That was the question that sent me to North Korea recently and here is what I found:
December 16, 2011: Some kids stopped me in an alleyway. Hey Joe, buy our gum, they pleaded. Of course I’ll buy you gum, I replied. No, no, buy our gum, not buy us gum, they cried. I bought five packs of Wiggly’s Sportmint that tasted foul and crumbled when I chewed it. Thought: The economy is not so bad that the people have no gum, but it is a miserable failure at reverse engineering. We still have the gum edge.
I was walking down Death to the Running Dogs of the Imperialist War-Mongering Powers Avenue, when I saw a line stretching for blocks from the Cabbage Bank. Aha, I surmised, a run on cabbage! But, no, it was simply an orderly deposit line. Thought: All quiet on the cabbage front.
I turned on my hotel-room TV — I Love Lucy and Howdy Doody 24/7. Thought: They still admire us, but with a narrow, dated view of who we really are.
December 17: I was having breakfast on the top floor of my hotel, Pyongyang’s tallest building. A man at a nearby table shouted Corn Flakes, got up, opened the nearest window, jumped out, climbed back in to pick up his hat, jumped out again, bought a newspaper, climbed back in again, and finished his breakfast. Thought: Tallest doesn’t necessarily mean tall. And there may be problems in dry breakfast cereals.
That evening, I attended a high school graduation party where a group decided to TP a tree outside the principal’s apartment. But there was no tree and anyway they only had one square of toilet paper. Thought: There may be problems in the forestry and toilet paper sectors.
December 18: Lucy and Howdy were replaced on my TV by pictures of meadows in the Austrian Alps, with Mozart’s Requiem playing in the background. Thought: Maybe they don’t love Lucy, but they certainly seem to admire Austria.
The same kids stopped me again. Hey Joe, buy us gum, they cried. I already bought your gum, I said. No, no, buy us gum, not buy our gum. I gave them back all but one pack of Wiggly’s Sportmint. Thought: Sudden downturn in the gum sector.
I wanted to have dinner in my room, but as loud as I shouted into the tin can, I couldn’t connect with anyone. When I went to check, I noticed that the waxed string running from my room along the hallway wall was cut. Thought: Trouble in the room service sector. And a pack of lousy gum is no substitute for a heaping bowl of kimchi.
December 19: Something was clearly going on:
Government offices, and the bank, the school, and the movie theater were closed. People who had clothes were rending them; those without clothes had to rent-to-rend. Thought: The notoriously capricious regime must have canceled Christmas.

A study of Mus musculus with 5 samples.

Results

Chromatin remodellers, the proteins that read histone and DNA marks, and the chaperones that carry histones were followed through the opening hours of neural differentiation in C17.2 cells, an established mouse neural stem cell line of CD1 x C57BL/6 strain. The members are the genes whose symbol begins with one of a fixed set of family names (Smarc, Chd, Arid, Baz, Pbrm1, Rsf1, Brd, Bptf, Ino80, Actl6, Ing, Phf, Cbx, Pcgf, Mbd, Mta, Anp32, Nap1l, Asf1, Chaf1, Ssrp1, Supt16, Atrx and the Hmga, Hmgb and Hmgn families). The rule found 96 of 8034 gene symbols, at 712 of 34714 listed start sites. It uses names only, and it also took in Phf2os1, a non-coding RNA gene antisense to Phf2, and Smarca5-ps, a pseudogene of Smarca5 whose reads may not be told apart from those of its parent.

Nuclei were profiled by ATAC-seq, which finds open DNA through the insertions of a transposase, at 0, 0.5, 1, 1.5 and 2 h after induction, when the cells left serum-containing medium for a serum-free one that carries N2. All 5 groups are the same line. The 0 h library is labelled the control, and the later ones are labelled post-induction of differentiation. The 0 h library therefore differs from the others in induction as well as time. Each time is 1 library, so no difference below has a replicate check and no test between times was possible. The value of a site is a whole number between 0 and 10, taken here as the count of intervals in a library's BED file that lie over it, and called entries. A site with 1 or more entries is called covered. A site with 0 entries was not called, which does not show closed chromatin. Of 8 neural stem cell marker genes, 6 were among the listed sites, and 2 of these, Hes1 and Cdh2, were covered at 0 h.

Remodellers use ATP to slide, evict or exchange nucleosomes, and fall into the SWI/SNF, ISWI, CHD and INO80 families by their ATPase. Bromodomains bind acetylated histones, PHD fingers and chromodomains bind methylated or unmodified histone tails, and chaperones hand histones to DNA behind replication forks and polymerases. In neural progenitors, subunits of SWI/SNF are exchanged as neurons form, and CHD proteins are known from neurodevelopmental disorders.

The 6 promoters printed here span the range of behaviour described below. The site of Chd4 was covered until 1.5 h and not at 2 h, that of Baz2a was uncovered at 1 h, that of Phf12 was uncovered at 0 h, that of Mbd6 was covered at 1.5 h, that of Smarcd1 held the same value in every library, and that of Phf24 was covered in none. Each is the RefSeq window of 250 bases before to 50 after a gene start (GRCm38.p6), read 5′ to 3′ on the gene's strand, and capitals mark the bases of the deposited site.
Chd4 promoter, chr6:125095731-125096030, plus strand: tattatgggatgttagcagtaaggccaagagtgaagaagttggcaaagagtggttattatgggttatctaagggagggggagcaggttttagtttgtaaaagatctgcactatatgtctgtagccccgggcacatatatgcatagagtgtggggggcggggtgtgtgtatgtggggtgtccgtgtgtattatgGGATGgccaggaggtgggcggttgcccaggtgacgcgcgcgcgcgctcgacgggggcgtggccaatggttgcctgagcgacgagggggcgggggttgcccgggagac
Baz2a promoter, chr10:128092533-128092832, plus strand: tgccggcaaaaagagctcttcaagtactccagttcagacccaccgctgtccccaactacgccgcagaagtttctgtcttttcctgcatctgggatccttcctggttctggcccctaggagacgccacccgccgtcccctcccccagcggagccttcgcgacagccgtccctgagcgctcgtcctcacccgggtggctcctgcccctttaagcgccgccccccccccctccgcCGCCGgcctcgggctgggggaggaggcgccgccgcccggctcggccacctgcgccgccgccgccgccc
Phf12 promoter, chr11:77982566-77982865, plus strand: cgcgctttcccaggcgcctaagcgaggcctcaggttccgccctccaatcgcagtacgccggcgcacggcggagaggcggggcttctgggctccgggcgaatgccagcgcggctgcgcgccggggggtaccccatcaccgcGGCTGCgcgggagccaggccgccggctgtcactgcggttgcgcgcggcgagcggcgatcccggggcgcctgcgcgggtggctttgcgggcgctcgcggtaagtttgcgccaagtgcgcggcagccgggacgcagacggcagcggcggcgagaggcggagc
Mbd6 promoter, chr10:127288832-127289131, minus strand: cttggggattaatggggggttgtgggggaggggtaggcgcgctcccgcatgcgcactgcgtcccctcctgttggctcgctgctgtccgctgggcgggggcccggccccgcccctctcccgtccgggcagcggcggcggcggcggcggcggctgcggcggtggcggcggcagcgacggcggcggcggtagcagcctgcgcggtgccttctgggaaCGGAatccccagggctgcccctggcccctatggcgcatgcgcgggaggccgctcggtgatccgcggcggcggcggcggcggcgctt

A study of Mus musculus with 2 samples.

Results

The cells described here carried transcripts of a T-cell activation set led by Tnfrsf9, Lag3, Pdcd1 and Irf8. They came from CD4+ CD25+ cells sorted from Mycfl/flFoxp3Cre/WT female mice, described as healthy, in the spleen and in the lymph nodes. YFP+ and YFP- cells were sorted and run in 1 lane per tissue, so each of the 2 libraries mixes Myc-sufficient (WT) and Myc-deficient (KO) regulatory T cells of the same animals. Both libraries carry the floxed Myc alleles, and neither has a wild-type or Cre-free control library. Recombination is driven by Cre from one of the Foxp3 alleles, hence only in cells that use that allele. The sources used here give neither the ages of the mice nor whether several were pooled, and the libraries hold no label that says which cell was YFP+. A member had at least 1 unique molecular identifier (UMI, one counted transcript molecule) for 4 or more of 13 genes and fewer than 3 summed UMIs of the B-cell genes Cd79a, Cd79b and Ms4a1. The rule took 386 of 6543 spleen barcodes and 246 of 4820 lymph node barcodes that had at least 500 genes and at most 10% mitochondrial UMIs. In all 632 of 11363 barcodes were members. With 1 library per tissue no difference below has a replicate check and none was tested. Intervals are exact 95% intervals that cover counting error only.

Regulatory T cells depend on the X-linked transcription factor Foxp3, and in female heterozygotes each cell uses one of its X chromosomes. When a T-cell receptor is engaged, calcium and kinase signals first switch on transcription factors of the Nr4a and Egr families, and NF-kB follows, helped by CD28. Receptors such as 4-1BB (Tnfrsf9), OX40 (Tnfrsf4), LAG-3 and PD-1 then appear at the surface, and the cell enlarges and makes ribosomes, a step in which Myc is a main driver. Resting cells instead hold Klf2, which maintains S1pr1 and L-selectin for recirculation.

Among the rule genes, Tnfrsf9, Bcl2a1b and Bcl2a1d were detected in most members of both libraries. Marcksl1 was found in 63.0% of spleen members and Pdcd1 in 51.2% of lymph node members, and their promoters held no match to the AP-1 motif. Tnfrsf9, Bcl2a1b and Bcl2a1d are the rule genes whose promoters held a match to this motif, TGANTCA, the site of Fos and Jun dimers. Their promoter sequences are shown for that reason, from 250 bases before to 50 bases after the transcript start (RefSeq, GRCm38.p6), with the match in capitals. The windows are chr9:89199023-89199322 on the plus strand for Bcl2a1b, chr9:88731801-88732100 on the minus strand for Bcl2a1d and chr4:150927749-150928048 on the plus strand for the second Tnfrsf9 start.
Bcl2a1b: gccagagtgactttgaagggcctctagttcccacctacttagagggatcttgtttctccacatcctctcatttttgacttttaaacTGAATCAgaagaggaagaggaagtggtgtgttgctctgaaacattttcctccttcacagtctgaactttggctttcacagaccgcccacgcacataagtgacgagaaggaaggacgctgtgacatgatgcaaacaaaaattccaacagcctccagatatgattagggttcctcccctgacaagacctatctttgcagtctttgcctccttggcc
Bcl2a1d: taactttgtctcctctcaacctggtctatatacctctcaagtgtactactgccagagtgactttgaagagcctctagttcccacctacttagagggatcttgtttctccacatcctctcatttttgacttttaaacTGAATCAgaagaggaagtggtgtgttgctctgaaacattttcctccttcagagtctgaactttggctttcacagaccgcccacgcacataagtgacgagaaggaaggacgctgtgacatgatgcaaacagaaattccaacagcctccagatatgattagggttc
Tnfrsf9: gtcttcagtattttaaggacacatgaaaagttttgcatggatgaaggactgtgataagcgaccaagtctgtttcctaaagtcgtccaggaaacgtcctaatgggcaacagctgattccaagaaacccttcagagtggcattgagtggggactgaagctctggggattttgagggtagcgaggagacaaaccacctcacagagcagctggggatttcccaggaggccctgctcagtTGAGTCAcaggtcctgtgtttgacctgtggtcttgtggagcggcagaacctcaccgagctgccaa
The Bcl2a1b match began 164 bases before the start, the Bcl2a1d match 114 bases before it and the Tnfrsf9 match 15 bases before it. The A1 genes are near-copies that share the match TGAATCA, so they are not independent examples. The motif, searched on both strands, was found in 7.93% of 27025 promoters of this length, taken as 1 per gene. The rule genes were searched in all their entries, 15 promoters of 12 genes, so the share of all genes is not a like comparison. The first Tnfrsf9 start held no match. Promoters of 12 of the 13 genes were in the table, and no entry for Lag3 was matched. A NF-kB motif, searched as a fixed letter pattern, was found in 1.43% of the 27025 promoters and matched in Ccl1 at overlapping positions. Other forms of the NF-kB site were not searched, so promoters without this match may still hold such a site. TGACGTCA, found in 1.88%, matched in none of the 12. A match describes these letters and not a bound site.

I was forced to hand in my paper money that had a picture of a guy with a really ugly suit and a strange hairdo, in exchange for new bills, possibly printed on toilet paper, with a picture of this fat young guy in an even uglier suit and an even worse hairdo. Thought: Explanation for toilet paper shortage. And indications of weakness in the tailoring sector.
December 19 – 28: Nothing to report.
December 28: Went for a walk. Death to the Running Blah Blah Blah Avenue was lined with people. There was a parade with lots of cars, led by a mid-1970s black Lincoln Continental, with the new-bills fat guy walking alongside. On the roof of the Lincoln was a really big cargo carrier, I mean big enough to carry a body. Thought: Like Americans, North Koreans love a parade, especially with classic American luxury cars, and they’re mad for skiing (that’s undoubtedly what the roof carrier was for, once the parade was over).
Conclusions: There is weakness in some parts of the economy (forestry; tailoring), ambiguity in others (paper – toilet; Flakes – Corn), elasticity in others (gum), and strength in still others (cabbage). Room service and Christmas observance are unpredictable.
Still, there is a residual fondness for the U.S., evidenced in vintage Lincolns and classic TV shows, which predicts well for the future of U.S. – North Korean relations (though we should be cautious about Austrians wearing lederhosen or powdered wigs).
On the question of Kim Jong Il’s health, I saw no evidence of anything amiss. If he should deteriorate or, God forbid, die, we can console ourselves that his likely heir — Kim Jong Un (photo, left) — studied in the west (Switzerland) and worships Michael Jordan. It is on such bases of stability and amity that U.S. – North Korea relations will continue to flourish.